A History Of Planned Obsolescence

Adam Walker
May 28, 2020

If you’ve been paying attention to the world of tech in recent years you would’ve caught the many news stories around the right to repair as well as growing reports of planned obsolescence in some devices encouraging users to upgrade their devices before the lifespan is up – this is being seen most recently within android devices as some users have questioned and targeted the security update scheduling and how it lends itself to this process.

If you’re unsure of the terminology and what it means – essentially it’s the process of forcing users to change and update devices by methods of making devices feel slower, unusable, or unsafe. Both Apple and Samsung have already been fined for this practice by using software updates to reduce device performance, but the recent target has been Android and the ways in which only giving security updates for two years can have a bigger impact. Mobile device sales have already been slowing as prices have steadily increased over the past few years – newer flagship devices are launching closer to £1,000 and oftentimes much higher with newer experimental and enthusiast devices being much higher still, given the hardware within the devices being somewhat unchanging from year to year it’s often difficult to justify the price.

Perhaps the biggest factor is attributed to the ways in which we use our devices – primarily they’re multimedia devices as streamed video content has become one of the most popular uses for these devices and has found growth year on year, but as there have been no major breakthroughs in the display or battery life, the two factors that may impact video streaming the most, there’s no major desire to change from a device launched three years ago to one launched today. Similarly, mobile gaming is up there, but the most popular genres are amongst puzzle and arcade, and casinos and betting – these bingo sites, for example, are also extremely efficient and as such upgrading for a four-year-old phone to a brand new device doesn’t have a larger impact on performance.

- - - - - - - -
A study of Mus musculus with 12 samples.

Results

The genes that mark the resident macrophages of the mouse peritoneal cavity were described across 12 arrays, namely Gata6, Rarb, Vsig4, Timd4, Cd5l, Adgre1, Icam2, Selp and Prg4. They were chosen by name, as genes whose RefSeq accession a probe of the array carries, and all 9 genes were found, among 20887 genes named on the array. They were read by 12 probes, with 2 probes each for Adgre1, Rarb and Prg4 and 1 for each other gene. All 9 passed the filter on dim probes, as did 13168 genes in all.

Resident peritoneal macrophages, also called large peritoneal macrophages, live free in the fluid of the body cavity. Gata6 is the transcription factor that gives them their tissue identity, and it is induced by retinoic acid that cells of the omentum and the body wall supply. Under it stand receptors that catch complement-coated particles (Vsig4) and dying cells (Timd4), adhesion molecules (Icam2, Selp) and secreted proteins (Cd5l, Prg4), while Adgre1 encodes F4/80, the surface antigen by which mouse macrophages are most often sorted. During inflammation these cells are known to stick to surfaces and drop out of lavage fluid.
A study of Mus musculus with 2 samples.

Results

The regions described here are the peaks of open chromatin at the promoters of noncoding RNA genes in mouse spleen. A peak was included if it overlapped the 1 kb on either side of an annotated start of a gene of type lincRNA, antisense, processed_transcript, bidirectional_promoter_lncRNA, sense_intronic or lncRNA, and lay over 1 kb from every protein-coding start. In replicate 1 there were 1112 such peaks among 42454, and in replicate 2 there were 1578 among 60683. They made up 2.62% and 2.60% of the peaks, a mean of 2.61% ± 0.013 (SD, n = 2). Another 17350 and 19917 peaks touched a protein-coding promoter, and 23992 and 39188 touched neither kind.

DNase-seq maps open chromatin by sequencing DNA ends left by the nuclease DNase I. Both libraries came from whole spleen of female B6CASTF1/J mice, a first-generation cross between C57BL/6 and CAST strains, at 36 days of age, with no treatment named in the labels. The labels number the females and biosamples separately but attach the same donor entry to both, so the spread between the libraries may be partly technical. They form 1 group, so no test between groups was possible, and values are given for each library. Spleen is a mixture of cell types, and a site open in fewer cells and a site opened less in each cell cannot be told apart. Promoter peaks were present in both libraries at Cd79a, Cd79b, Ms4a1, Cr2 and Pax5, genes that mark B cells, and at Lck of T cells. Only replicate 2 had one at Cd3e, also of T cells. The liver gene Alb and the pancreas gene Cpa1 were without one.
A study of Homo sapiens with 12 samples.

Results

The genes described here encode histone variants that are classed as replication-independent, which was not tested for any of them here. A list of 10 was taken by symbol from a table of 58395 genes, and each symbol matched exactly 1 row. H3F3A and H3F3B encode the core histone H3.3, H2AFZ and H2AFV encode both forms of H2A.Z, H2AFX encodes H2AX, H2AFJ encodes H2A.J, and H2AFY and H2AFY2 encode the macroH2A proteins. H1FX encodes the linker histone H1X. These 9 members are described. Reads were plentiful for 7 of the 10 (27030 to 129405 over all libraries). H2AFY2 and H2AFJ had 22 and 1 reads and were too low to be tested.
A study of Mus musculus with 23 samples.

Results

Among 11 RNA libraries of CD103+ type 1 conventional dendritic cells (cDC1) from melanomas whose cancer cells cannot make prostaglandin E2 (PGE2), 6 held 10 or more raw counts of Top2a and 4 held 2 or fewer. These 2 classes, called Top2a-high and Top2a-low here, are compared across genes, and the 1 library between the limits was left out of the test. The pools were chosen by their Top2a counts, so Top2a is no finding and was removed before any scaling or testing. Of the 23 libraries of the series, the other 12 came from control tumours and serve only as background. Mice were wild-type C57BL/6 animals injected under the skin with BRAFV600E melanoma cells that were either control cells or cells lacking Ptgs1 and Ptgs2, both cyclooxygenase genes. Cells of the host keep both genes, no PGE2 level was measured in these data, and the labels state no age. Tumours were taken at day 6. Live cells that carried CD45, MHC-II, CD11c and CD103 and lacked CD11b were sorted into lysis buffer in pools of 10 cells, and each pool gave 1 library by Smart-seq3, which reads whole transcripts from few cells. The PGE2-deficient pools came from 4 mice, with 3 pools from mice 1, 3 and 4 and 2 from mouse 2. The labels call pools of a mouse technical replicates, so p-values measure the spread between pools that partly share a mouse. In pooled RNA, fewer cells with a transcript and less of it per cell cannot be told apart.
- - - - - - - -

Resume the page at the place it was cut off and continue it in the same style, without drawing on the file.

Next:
Although frowned upon, there are no laws or major restrictions to prevent manufacturers from doing this – planned obsolescence is not illegal after all, and software changes are just one of the many ways causing these changes – others have been attributed to things such as unibody designs of newer devices removing the ability to change modular components such as batteries may be a cause for concern down the line as OEM batteries have historically had issues, for example. The hope here for many is that attention will now be paid toward this practice as fines simply aren’t enough and with a long history of fines related to the practice, there’s certainly plenty of evidence that it is still an ongoing concern – there is going to be a surge in users changing devices now that 5G is just around the corner and many will change in order to have a 5G ready device, but other than that there currently seems to be no big changes on the way, it’s difficult to find any reason for consumers to buy flagship devices afterwards if not needed.